The new harvest: Kansanshi facilitates vegetable growing innovation in Solwezi

By JOHN MUBAMBE

Kansanshi Mining Plc, a subsidiary of First Quantum Minerals, has initiated a new food security programme which the women folk in Solwezi have embraced with joy as it is going to provide diverse and sustainable diets.

As part of the exhibition of its corporate social responsibility, Kansanshi’s investment in vegetable growing has been tailored to meet the economic needs of the women in the Kabwela and Muzabula communities of Solwezi.

The project has been kick started with emphasis on the creation of sustainable diets for families in the two communities, where women have valued agriculture, food systems, diets and nutrition.

This strategy aimed at improving food and nutrition security, includes far-reaching measures, chief among which is the provision of an irrigation system, fertilizers, and vegetable seeds, all enveloped in providing either food security or adequate nutrition for all.

The programme tackles issues to do with the eradication of hunger, malnutrition and chronic diseases born from the lack of availability and accessibility of diverse foods for healthy and sustainable diets.

According to the manager public relations at Kansanshi Mine, Godfrey Msiska, during the first harvest in Kabwela recently, his company found it necessary to initiate the project in line with its philosophy of empowering members of the community where it operates.

“It all starts with our philosophy, whose ethos is that wherever we set up our mining operations, we leave communities around the mine better than we found them, in all aspects of their lives. This is the only way we can ensure long-term sustainability and the well-being of future generations,” said Msiska.

He described the gesture by his company as a holistic approach meant to leave community members in a much better state in terms of sustainability, health and education improvement.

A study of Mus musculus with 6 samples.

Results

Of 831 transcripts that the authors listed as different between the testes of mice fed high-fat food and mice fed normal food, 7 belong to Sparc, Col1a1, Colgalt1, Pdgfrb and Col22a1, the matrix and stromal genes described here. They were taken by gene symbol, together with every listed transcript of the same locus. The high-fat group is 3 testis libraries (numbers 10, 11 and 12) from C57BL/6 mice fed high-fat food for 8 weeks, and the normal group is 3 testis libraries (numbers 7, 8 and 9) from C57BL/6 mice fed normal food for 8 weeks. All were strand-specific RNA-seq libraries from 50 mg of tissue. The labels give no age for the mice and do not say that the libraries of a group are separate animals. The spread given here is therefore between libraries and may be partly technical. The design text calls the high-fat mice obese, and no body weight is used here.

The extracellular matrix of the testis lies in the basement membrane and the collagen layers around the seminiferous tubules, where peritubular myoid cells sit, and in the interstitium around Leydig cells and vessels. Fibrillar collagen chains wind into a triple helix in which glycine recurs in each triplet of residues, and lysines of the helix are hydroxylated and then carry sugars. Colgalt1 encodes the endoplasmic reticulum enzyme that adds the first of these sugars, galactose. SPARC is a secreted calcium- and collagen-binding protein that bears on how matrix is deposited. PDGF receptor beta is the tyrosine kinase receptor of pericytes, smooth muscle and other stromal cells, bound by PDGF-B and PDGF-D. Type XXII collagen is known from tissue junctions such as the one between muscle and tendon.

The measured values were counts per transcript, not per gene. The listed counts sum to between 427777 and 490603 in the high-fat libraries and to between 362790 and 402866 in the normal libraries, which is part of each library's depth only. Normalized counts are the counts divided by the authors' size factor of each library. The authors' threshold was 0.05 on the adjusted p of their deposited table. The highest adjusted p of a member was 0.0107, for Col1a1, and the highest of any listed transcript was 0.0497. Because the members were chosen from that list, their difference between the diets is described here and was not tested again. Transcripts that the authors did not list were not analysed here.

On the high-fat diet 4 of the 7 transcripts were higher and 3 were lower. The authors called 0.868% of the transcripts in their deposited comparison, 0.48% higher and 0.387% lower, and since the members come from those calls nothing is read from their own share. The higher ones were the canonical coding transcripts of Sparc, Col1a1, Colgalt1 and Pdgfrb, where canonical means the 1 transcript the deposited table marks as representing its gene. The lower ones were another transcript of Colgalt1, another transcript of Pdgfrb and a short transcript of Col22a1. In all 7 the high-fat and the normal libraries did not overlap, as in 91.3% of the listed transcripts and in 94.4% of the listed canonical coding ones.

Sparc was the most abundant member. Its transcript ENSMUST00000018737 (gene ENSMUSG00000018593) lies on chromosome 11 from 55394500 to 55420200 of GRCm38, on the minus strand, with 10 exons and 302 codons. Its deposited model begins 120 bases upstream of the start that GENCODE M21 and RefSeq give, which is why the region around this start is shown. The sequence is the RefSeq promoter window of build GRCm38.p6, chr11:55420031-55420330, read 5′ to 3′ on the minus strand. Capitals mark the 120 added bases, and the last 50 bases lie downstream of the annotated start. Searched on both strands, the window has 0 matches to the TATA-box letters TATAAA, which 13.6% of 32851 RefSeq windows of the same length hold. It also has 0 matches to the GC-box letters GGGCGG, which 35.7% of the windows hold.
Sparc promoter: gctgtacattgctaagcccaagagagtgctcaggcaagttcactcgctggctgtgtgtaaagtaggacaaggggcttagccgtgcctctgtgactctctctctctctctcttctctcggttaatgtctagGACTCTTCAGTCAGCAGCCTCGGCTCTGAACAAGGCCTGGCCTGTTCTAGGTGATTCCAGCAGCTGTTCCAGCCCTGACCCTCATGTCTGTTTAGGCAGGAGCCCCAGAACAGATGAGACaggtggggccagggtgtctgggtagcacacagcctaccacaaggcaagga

Msiska explained that the methodology used by the giant copper producer gives a picture frame of a legacy to be remembered in the future.

“It is a legacy issue. The surrounding communities will be able to remember that there was a mine which improved their lives with a multi-faceted approach to development” he said.

He noted that the methodology applied by Kansanshi to drive its philosophy linked to community projects does not allow for handouts, but will provide the initial push in monetary terms and then let the communities take ownership of the projects.

Ling’iwe Sibanda, Kansanshi’s community nutrition coordinator, disclosed that the objective of the project was to supplement and improve the diet diversity at house level to avoid seasonal hunger affecting many families.

Ling’iwe said the major focus of her company was to ensure that families have access to a balanced and sustainable diet every single day of the year.

She said that the programme started with 120 women in 2019 and that this resulted in a total of 345 gardens from 12 communities around the mine.

Ling’iwe indicated that Kansanshi Mine’s preoccupation at present is to encourage women from Kabwela and Muzabula to improve their sources of income and eventually break their poverty cycle.

“We spent K3,000 on the food security programme at each of the two communal gardens at Kabwela and Muzabula and this amount, small as it may seem, has gone a long way in improving food production at household level,” she said.

She was happy to see the women being weaned off the programme so they could stand on their own and intensify the crusade against hunger and malnutrition.

And Ebby Lubinda, the chairperson of the Kabwela vegetable growers, thanked Kansanshi Mining Plc for designing a sustainable programme meant to better the community’s diets.

She said the project had a lot of benefits for her members and their families, because it would protect their children from being victims of stunted growth and other ailments caused by food deficiency.

Lubinda noted that the support of women by Kansanshi Mine would encourage them to sell the excess vegetables as a source of income meant to sustain their living.

She encouraged other women in other communities of Solwezi to grow vegetables at individual and communal levels to supplement their spouses’ incomes and gain other opportunities for improved livelihoods.

At the same function, Tapedza Njovu, a nutrition officer from the district office of the Ministry of Health in Solwezi gave a summary explanation of the nutritional value and safety of vegetables.